I buy a recycled toothbrush

30/09/2016

→ I always challenge my routine

→ I pay attention to labels

→ I reduce my carbon footprint

 

 

It had to happen one day - I got tricked! I wasn’t so used to going to organic stores before going abroad, so I’ve been picking things from the shelves without double-checking anything, because, hey, it’s organic, right?

 

So I was really proud when I found a fabulous toothbrush made from recycled yogurt pots, a great deal. It did seem a bit expensive (5 euros, about 6 dollars) but it was for a good cause – boy, was I gullible! Once I made it home, I realized my super toothbrush was made in the USA. Now, how is that for a carbon footprint?

 

So I of course my pride of being a superconsumer on a mission to change the world was diminished, so I fired up my search engines. What is best - raw materials locally produced, or foreign produced recycled materials? Well, fifteen minutes later, nothing really clear comes up, no good, reliable data. And then I thought - where did my previous toothbrushes, the ones I bought in supermarkets, come from? There, I discovered that they mostly were made in China, and in the best case Ireland or the Netherlands. That still is pretty far!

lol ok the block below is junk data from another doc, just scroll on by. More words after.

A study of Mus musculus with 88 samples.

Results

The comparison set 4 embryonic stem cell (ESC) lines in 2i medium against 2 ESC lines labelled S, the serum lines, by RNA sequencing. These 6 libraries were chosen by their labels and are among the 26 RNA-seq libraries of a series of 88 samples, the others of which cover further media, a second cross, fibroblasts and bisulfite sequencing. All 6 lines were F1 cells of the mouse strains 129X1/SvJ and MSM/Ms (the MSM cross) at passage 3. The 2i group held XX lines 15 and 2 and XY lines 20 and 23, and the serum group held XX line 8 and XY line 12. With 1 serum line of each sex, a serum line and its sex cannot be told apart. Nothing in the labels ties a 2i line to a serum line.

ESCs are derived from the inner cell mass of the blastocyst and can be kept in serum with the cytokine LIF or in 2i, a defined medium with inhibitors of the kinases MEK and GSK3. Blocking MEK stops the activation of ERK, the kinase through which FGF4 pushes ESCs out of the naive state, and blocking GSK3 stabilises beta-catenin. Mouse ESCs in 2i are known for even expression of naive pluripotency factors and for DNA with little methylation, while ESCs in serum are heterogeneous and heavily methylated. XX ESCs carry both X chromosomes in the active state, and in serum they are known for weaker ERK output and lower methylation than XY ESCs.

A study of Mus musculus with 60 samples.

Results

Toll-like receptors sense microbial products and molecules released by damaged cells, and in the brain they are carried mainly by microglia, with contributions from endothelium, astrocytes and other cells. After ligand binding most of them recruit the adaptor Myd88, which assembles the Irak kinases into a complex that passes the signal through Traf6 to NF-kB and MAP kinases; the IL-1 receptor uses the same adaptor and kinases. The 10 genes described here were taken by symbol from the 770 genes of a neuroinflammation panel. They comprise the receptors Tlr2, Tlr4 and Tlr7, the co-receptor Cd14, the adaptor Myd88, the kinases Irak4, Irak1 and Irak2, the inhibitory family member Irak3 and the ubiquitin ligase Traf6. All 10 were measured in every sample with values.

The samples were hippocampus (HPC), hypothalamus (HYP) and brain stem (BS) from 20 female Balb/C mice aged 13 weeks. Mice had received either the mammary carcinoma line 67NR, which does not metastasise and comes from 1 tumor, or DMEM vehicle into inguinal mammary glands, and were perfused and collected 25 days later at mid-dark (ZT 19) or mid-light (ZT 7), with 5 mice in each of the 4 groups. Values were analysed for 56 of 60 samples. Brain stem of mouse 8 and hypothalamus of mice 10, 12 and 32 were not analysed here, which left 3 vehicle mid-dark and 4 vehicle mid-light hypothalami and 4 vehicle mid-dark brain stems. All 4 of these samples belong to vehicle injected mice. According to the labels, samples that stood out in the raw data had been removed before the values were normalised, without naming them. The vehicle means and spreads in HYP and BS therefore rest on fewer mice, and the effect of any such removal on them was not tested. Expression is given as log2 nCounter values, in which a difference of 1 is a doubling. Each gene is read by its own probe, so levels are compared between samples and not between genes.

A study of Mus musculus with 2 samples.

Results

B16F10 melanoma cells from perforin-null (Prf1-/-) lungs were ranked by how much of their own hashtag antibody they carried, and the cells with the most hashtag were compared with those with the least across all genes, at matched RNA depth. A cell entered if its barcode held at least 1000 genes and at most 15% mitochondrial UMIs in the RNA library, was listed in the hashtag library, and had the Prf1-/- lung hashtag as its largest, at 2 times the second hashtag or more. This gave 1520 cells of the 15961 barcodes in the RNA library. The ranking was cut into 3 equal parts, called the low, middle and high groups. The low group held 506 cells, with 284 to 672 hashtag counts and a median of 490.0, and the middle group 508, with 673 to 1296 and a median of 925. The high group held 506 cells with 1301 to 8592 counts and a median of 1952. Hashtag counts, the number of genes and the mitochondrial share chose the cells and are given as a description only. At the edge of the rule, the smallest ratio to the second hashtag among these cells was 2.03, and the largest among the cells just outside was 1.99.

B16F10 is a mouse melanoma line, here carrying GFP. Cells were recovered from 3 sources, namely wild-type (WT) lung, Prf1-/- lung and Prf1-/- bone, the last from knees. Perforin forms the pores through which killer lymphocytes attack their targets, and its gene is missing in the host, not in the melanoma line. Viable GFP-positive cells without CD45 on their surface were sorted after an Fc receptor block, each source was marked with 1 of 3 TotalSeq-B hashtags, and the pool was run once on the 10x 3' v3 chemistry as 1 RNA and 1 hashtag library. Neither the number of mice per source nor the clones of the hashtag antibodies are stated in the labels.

So many questions for a tiny little toothbrush. I understand that consumers give up on digging into this, patience runs out! And I understand why mistrust is in the eye of many as regards “organic” stuff. Of course, it still is a business! Even though firms that boast organic products are probably based on human values that are more respectable than conventional supermarket values, in the end, it’s all about profit!

 

I’m all the more angry at organic stores that after a digging on for a while, I actually found my miracle solution: The BIOSEPTYL RECYCLETTE! A toothbrush made from recycled materials, in France, sold for 2.50€ (around 2.65 US dollars) – postage fee included! There is even a postage-paid envelope in the box for us to send it back when we’re finished with it for it to be recycled again.

 

So, today’s lesson is that you can’t judge a book by its cover, and it makes sense to challenge literally everything in our routine as consumers. Even if it seems a bit difficult, if we give it the time, the solution will be given to us.